U.S. regulators are examining whether Binance Holdings violated securities laws by selling digital tokens just as the cryptocurrency exchange was launching five years ago.

Sources, who requested anonymity to discuss the private investigation, said investigators are scrutinizing whether the 2017 initial coin offering constituted the sale of a security that should have been registered with the agency.

The Securities and Exchange Commission is investigating the origins of the company and its fifth-largest cryptocurrency, called the BNB. 

As Binance confronts various probes in Washington, the scrutiny of BNB's origins may be a worrisome trend. 

Binance said in a statement that "it would be inappropriate for us to comment on our continuing talks with regulators, which include education, support, and voluntary replies to information demands." 

The SEC has brought dozens of enforcement cases over initial coin offerings, which include the issuance of virtual currency to raise capital. BNB has been a component of Binance's vast cryptocurrency empire.

The company noted that it collaborates with authorities and that they will continue to comply with all regulatory standards.

The SEC may have jurisdiction over a virtual currency if investors purchase it to sponsor a firm or project with the goal of benefitting from those efforts. 

This conclusion is based on a 1946 Supreme Court of the United States judgment defining investment contracts.

Binance, which operates the world's largest cryptocurrency exchange and claims to be non-domiciled with affiliates worldwide, has been a focus point for American investigators looking to rein in the cryptocurrency business.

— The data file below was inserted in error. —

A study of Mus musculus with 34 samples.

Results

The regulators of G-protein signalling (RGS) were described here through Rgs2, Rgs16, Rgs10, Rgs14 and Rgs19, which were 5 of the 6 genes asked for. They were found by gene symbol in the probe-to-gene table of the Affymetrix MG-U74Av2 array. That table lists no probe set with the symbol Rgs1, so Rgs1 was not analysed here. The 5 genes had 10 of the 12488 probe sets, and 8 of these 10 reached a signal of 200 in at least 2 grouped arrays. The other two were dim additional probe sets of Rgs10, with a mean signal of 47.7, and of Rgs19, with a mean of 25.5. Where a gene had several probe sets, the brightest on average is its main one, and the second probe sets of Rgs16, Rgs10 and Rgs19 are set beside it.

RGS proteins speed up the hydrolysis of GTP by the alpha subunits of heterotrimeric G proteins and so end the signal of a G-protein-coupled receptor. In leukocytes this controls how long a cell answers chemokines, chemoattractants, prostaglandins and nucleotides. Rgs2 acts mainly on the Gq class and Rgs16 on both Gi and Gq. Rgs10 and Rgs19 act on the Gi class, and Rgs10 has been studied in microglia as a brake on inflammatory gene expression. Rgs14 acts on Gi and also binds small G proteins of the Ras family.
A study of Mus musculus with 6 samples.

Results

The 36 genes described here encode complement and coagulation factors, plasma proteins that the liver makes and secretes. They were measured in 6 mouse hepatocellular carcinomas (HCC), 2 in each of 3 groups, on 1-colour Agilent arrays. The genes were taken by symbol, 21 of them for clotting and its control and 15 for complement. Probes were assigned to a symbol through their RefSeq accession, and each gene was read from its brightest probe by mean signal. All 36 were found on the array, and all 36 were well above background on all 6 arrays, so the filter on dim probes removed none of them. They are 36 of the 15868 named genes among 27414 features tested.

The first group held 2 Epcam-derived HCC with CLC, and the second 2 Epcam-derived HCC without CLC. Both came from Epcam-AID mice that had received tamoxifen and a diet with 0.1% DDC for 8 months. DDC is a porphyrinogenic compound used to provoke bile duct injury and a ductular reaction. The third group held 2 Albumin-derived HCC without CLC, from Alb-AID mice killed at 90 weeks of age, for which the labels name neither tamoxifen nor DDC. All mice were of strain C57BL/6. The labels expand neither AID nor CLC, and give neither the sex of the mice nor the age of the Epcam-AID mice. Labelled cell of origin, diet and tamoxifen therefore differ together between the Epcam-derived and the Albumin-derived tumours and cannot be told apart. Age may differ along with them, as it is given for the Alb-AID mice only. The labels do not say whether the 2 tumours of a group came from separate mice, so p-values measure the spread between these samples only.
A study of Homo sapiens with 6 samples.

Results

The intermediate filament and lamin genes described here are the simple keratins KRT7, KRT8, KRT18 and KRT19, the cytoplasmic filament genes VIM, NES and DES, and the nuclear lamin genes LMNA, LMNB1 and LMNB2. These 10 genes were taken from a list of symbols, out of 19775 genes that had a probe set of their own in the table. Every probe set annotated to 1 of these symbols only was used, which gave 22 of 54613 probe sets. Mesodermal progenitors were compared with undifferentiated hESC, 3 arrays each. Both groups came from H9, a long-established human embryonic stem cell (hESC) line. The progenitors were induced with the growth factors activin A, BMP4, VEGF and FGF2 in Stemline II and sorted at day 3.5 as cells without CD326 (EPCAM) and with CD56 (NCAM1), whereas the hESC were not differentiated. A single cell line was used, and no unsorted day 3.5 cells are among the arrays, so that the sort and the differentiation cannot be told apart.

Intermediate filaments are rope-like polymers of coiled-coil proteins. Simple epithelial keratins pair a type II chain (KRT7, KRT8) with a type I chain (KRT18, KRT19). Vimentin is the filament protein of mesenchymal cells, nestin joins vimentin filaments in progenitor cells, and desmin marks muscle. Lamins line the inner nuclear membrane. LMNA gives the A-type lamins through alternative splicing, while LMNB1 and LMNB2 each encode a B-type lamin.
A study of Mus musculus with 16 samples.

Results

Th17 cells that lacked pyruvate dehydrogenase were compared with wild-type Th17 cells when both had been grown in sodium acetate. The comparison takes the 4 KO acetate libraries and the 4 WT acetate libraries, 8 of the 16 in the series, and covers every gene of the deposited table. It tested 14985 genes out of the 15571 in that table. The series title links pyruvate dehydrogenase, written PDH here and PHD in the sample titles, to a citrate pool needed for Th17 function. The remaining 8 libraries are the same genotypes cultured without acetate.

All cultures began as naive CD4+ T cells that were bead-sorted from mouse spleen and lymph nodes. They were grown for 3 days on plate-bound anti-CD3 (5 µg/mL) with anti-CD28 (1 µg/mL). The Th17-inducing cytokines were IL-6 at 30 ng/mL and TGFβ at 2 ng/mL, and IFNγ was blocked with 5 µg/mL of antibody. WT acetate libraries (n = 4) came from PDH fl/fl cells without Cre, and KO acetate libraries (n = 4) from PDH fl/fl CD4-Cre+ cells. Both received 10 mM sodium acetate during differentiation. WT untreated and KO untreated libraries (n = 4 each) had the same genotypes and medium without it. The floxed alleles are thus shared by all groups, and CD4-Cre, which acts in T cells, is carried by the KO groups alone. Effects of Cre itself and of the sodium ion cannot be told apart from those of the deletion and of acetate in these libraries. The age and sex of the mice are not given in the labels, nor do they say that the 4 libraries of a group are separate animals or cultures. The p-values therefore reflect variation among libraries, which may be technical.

Bloomberg News has previously reported that the Justice Department, the Commodity Futures Trading Commission, and the Internal Revenue Service are investigating the company.

Prior to BNB's 2017 launch, Binance outlined its ambitions in a white paper. The document said that the token's circulation would be limited to 200 million, with half of the tokens sold via the ICO, which took place on numerous global platforms. 

Some $80 million dollars would be set aside for Binance's founding team, which includes its wealthy CEO, Changpeng Zhao.

In the white paper, which was read by Bloomberg, Binance stated that up to 85% of the ICO funding would be utilized to grow and promote Binance's global cryptocurrency exchange. There were no mentions of participation limits.

In order to attract investors to BNB, Binance has reduced trading costs for traders who pay using BNB. 

It has also paid many of its contractors in BNB, including at least one U.S. resident who claimed to have purchased BNB during the ICO, a fact that could be crucial for the SEC's assertion of jurisdiction in any potential action.